Audiolab Q-DAC filters


Audiolab's Q-DAC. See our review.

From the moment I heard Chord's newly released DAC64, back in 2002, I realised that perhaps CD as we knew it back then could sound better than it did. Designer Rob Watts told me that his unique Watts Transient Aligned (WTA) filter might not measure "as well" as the traditional industry solution, but it sounded better all the same. Since Rob Watts knows more about digital signal processing than most, I listened intently to DAC64 and was impressed, like so many others. His WTA filter rolls off upper treble and does give a slightly warmer sound from CD than usual, but it was also less aggressive and gave a somehow more solid feel to images, as if they were bigger bodied and more stable in position. In the end I just liked DAC64: it was clean, stable and assured and I could listen to CD for hours without suffering the slightly unsettled feeling I often get from it.
    That was then and now, no less than a decade later, Audiolab have also addressed the issue of digital filtering and given us no fewer than seven filter options, first in their upmarket M-DAC and, recently, in their cut down Q-DAC (£400, UK). Three of Audiolab's filters remind me of DAC64, since they give a very similar measured result and sound. The great thing about them is that they can be used to subtly tune – tame I could say – a system. They also improve on digital as we know it: the changes aren't big, but they're worth having in my view.
    Oh, and as an aside, M-DAC comes from another Brit, John Westlake who, like Rob Watts, is a renowned digital guru; both have had the vision and courage to move outside the design box and present us with something innovative and different. Here's a close look at M-DAC's filter set and what to expect from it. All were measured with a Rohde&Schwarz UPL audio analyser, the same instrument John Westlake uses.
The seven filters are -

1) Sharp roll off
2) Optimal Spectrum
3) Minimum phase

4) Slow roll off

5) Optimal transient
6) Optimal transient XD
7) Optimal transient DD

I've put them into groups so you can more easily understand their role. At top we have the fast filters (fast in sense of short rise time) that give strongest treble and the brightest sound. These are the usual industry choice that will give best measured result in terms of frequency extension: they reach highest in other words, if only by a small margin.
    In the middle sits a single medium speed filter, termed Slow roll-off, that under measurement was the best filter of all – something that surprised me.
    At bottom sit three slow filters that Audiolab interestingly place most emphasis on. They quite radically roll down treble from CD, giving a slightly warm balance. Under measurement they are identical. And all three are different from the others in behaviour, measuring quite badly in terms of alias suppression, although an alternative view (used by Pioneer for example, who use similar filtering) is that they have the most analogue-like behaviour.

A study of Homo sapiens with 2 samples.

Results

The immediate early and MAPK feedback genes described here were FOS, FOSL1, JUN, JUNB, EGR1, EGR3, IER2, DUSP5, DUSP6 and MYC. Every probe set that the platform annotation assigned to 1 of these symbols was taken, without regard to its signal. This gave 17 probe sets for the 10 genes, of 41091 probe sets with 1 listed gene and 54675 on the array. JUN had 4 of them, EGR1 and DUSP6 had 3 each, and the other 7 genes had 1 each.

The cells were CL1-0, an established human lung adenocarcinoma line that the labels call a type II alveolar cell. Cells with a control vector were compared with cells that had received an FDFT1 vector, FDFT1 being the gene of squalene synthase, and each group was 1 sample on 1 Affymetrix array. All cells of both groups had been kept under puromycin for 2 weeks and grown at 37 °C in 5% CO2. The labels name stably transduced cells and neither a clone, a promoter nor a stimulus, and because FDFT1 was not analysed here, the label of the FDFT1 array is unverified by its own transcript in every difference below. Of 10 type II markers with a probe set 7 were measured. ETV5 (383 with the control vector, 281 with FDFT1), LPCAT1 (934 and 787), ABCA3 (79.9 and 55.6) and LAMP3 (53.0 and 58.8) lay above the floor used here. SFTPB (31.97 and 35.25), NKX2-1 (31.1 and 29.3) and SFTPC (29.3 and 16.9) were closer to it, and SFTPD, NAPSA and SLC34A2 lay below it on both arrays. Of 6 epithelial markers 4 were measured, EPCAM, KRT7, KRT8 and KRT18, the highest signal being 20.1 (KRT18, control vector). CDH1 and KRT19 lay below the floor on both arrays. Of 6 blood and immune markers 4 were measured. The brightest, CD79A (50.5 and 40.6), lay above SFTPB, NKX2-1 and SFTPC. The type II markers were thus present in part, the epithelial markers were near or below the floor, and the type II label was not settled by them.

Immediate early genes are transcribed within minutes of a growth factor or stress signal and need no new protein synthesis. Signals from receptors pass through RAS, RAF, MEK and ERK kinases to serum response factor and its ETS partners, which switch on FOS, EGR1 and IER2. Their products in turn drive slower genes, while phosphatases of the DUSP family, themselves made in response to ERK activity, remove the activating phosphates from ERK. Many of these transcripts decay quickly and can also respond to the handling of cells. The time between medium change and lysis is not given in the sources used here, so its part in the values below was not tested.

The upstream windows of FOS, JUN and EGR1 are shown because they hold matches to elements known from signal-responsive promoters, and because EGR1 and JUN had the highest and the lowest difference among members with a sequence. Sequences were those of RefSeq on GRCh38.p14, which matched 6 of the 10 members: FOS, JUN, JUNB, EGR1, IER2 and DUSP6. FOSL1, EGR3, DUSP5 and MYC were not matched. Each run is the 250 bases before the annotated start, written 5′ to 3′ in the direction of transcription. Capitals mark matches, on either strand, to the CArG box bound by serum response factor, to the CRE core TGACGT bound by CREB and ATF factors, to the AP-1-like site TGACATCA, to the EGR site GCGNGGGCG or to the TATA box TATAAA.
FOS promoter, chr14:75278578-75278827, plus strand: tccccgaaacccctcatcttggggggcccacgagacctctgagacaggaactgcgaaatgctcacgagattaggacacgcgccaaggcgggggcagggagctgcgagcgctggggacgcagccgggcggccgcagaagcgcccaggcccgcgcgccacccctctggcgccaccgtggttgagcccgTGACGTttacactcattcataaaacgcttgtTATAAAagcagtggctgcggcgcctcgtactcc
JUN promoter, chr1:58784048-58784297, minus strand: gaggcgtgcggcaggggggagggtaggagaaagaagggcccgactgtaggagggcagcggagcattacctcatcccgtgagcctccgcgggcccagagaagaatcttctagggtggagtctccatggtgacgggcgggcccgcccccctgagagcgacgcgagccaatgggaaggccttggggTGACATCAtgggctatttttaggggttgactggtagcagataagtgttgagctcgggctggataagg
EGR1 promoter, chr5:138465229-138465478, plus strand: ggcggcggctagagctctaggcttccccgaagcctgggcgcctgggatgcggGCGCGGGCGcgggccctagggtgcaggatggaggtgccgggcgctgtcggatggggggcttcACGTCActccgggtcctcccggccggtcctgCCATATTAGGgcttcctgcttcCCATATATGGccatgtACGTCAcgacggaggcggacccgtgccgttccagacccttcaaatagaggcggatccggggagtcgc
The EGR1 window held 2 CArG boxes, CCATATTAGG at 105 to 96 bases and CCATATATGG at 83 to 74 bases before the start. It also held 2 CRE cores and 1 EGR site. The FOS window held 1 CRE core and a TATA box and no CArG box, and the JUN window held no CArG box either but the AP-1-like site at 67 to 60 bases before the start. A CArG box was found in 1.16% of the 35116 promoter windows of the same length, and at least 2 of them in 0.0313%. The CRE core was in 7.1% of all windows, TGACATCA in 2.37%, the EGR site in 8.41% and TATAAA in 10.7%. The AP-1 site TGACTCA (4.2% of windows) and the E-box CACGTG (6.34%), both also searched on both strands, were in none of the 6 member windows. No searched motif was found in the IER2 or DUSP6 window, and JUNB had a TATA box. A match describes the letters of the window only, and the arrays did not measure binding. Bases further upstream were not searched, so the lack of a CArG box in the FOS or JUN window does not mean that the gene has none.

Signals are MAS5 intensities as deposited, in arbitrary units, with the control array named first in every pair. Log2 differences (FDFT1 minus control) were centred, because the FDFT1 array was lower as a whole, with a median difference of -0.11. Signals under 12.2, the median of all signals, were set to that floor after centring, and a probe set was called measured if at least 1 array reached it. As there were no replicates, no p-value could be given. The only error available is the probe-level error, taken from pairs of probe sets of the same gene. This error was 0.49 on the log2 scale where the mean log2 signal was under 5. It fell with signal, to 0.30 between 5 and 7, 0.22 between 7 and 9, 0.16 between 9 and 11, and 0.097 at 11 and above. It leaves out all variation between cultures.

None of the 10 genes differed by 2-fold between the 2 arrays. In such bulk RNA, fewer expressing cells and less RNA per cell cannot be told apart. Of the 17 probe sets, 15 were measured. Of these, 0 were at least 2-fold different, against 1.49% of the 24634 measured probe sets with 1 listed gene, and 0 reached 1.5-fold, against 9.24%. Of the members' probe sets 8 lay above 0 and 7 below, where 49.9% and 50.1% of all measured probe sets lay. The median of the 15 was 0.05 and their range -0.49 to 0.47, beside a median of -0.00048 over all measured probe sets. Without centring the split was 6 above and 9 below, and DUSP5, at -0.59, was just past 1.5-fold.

In practice, as John Westlake admits, they throw up uncorrelated digital audio rubbish, generally considered a bad thing, but the alternative view is that their energy spectrum is very analogue like and their sound possibly likewise. Is what we hear from these filters coloured more by the way they roll off higher frequencies than any other property, I have to wonder?
    At the end of the day, if you don't like 'em then you can switch 'em out, but I gravitated to Optimal Transient XD and it seems most others prefer the slow filters too, so as "bad" as they are, they may be good, if you see what I mean. But I have more to say on this.
     At a technical level digital filters have both frequency and time domain behaviour, but traditionally it is only the frequency domain that gets attention, meaning frequency response and rejection of uncorrelated digital data. However, looking at an impulse in the time domain shows that digital filters also impose ringing on a signal, both pre and post ringing, meaning before and after the signal. Audiolab's three slow filters "exhibit no ringing" they say. "The transient nature of the music is preserved". So these filters concentrate on the preservation of transients, at the expense of all else. 
    Is all this true, and which filter is best? I was surprised when closely measuring these filters that they they don't fully match Audiolab's claims. Also – and importantly –  you can expect different sonic results from high resolution digital than low-res CD. There are some separate and distinct issues here – and illuminating ones. Let's take a closer look.